If you’ve ever read YA, you’re probably at least passingly familiar with Leigh Bardugo, author of the Shadow and Bone and Six of Crows series (collectively called the Grishaverse). Ninth House, her newest book, is Bardugo’s first foray into the “adult” category—and boy, she was not playing around with that categorization. Readers might need a stronger stomach than they’re used to with her previous work, and should be aware that there are elements that some readers might find triggering (there was a whole online discussion about this before the book even came out). While Ninth House might be a little too “adult” for some of her younger readers, Bardugo is no stranger to dark subject matter. If any Six of Crows fans remember Kaz’s backstory (or any of their backstories, but Kaz’s was the worst), they’ll know what I mean. In fact, one of the biggest criticisms of Six of Crows was that the characters being teens made no sense at all. So really, one could argue that she’s been writing adult this whole time, just disguising it under the YA banner.
With Ninth House, Bardugo relishes her opportunity to dig into the gritty, ugly real world with some magical touches. The story concerns the eight “ancient” secret societies of Yale—Lethe, our home base, is the extra secret, eponymous ninth. Lethe is tasked with overseeing the magic of the others, ensuring nothing goes astray. But of course, go astray things must. What’s interesting about Bardugo’s take on magic is that it patently does not make up for the ugliness of reality—it’s not an escape, it’s just another realm in which ugly things happen. In fact, Bardugo very purposefully crafted anti-heroine Alex—and the use of magic in general—as a “what if”. What if magic was real, and gifted only to a select group of already privileged people in New Haven? What if a trauma survivor was gifted this magic as well? The magic of Yale is used to explore very real topics, so that in the midst of all the ghosts and fantastical party drugs there are very real issues of assault, power plays, and murder. “You cannot write a story about magic, which is essentially going to operate as a commodity,” Barudgo said in a Time interview, “without exploring the kind of damage that we could do to each other if this were actually in play.”
This includes classism, of course, but also issues related to the #MeToo movement. At one point, Alex admonishes a female character for trying to use feminism to handwave horrific acts, which seems like a commentary on the unfortunate byproduct of any social movement: the co-opting of social trends for one’s own self-serving purposes. Similarly, Alex is not instantly cured of her past trauma because she now understands her own magical abilities. Rather, her trauma informs all of her actions at Yale. She’s still herself, only now she has access to magic. This doesn’t always spell success for Alex, but it wouldn’t be a fair (or believable) narrative for someone with Alex’s history to suddenly metamorphosize into a responsible, well-adjusted person because of her association with Yale.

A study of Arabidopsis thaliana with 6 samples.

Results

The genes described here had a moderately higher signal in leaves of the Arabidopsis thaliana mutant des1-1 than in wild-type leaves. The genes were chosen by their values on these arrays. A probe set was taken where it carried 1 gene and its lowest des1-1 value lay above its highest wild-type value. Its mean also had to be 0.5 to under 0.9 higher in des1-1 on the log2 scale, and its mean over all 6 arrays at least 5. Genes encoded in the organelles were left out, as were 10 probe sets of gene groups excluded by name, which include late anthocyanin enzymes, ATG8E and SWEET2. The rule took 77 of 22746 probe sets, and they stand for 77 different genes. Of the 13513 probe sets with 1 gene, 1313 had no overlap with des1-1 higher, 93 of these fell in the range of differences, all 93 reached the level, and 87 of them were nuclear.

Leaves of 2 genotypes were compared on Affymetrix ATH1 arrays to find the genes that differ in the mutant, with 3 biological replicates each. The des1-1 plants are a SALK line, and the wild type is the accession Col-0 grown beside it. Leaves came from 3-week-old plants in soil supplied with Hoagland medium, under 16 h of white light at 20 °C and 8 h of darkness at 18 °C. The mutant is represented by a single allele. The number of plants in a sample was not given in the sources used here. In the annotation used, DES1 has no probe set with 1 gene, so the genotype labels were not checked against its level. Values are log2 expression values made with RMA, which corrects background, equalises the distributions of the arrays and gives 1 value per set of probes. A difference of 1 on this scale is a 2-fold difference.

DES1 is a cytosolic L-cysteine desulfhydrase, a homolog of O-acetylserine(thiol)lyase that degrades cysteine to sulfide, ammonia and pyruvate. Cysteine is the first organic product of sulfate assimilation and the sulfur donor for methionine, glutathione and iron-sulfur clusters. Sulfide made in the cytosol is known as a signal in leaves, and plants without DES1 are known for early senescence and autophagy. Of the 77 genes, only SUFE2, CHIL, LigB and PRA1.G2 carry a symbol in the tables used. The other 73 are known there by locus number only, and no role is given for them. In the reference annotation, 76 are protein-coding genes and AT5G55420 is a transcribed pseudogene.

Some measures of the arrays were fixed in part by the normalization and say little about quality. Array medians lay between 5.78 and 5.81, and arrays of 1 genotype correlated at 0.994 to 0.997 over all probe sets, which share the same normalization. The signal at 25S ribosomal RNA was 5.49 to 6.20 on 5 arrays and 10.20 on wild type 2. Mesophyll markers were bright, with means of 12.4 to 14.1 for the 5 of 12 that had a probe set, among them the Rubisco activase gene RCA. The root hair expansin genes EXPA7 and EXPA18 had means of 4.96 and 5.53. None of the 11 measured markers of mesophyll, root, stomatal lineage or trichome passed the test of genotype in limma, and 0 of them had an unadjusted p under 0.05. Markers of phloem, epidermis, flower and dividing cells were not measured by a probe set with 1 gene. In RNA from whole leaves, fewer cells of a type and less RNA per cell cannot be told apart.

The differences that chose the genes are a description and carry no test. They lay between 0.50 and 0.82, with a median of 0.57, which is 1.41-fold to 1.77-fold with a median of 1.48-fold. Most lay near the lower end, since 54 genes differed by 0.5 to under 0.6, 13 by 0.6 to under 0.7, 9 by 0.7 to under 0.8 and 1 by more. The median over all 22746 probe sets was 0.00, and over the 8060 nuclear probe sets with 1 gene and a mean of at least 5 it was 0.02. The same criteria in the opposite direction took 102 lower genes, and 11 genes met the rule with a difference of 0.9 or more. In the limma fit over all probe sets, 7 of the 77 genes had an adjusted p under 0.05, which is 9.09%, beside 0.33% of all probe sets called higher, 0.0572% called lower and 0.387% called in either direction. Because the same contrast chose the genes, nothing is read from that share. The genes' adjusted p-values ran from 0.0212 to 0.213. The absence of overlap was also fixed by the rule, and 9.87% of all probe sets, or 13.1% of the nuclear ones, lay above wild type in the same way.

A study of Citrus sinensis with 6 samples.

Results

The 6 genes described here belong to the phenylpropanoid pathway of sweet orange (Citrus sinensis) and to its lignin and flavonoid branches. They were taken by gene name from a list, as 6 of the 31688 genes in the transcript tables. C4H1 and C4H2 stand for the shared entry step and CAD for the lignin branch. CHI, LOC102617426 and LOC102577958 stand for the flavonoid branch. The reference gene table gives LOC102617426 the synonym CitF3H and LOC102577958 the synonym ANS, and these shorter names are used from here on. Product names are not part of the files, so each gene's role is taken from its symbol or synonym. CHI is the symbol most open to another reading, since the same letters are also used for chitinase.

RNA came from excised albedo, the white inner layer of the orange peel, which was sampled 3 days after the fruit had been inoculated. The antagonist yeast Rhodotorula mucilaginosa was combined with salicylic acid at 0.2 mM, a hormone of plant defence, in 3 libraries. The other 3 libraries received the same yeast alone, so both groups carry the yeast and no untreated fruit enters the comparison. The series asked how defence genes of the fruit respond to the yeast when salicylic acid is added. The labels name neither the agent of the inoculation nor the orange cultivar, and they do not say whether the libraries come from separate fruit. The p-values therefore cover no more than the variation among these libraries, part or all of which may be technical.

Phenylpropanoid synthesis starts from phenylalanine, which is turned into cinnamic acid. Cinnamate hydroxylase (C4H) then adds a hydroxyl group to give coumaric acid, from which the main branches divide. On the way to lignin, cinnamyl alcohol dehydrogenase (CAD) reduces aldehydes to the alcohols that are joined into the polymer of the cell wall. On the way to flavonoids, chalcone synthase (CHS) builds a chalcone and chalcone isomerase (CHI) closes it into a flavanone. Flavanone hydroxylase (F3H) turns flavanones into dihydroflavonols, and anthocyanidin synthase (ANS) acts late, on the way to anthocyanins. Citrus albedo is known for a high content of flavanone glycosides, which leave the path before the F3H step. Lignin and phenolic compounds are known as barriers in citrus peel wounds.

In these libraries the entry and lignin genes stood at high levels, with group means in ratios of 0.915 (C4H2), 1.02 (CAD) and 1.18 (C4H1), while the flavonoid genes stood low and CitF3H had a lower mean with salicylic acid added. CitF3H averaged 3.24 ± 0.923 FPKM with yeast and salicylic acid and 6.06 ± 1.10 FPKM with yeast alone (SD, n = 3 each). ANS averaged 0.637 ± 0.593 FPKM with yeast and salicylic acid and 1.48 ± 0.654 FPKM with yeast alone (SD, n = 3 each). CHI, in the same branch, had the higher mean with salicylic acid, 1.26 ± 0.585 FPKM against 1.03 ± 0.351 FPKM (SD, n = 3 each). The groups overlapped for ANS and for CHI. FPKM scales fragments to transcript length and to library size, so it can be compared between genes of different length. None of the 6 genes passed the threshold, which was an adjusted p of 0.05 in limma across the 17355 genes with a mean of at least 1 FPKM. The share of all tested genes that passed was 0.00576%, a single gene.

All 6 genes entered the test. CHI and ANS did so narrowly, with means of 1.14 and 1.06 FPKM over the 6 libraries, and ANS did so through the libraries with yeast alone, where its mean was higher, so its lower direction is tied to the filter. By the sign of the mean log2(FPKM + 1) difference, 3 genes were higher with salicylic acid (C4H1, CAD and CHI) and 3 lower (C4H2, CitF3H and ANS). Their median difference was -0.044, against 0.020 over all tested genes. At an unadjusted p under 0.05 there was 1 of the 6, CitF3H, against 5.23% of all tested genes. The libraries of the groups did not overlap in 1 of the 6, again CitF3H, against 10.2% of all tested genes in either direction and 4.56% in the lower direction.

All of this heavy talk might put you off the book, but if you’re looking for spooky magic in a moody New England setting, this book will scratch that itch. The setting is richly detailed and evocative, and it’s not just thanks to extensive research. Bardugo herself is a Yale grad, and was part of the Wolf’s Head secret society. No, the societies do not actually deal any sort of magic (or do they…?), but in the setting of old world academia, old world wealth, and old world values, it’s easy to believe they do. The magic in Ninth House is enticing, in that it’s the kind that feels totally at home in the secret societies of Yale, with names like Skull and Bones, Book and Snake, Sage and Chalice, among others. Think lots of life-death boundary crossing, society parties held in labyrinthine tombs, shadowy portals, and above all, ghosts. Bardugo recently embarked on an atmospheric, aesthetically appropriate tour for the book; a tour which was hosted in stone university buildings and old churches.
While I can’t call Ninth House Bardugo’s best work (that honour still belongs to the stellar Six of Crows), it’s a complex, conversation-starting addition to her lineup of fantasy stories. While her previous work is solid entertainment (Netflix is currently producing a TV series set in the Grishaverse), Ninth House hits the scene like a kick in the face and demands that you reckon with it. It won’t be for everyone, but that’s not a bad thing! It appears to be the first in a series, so expect more spooky adventures in the future. Here’s hoping fan favourite Darlington makes an appearance in the second one.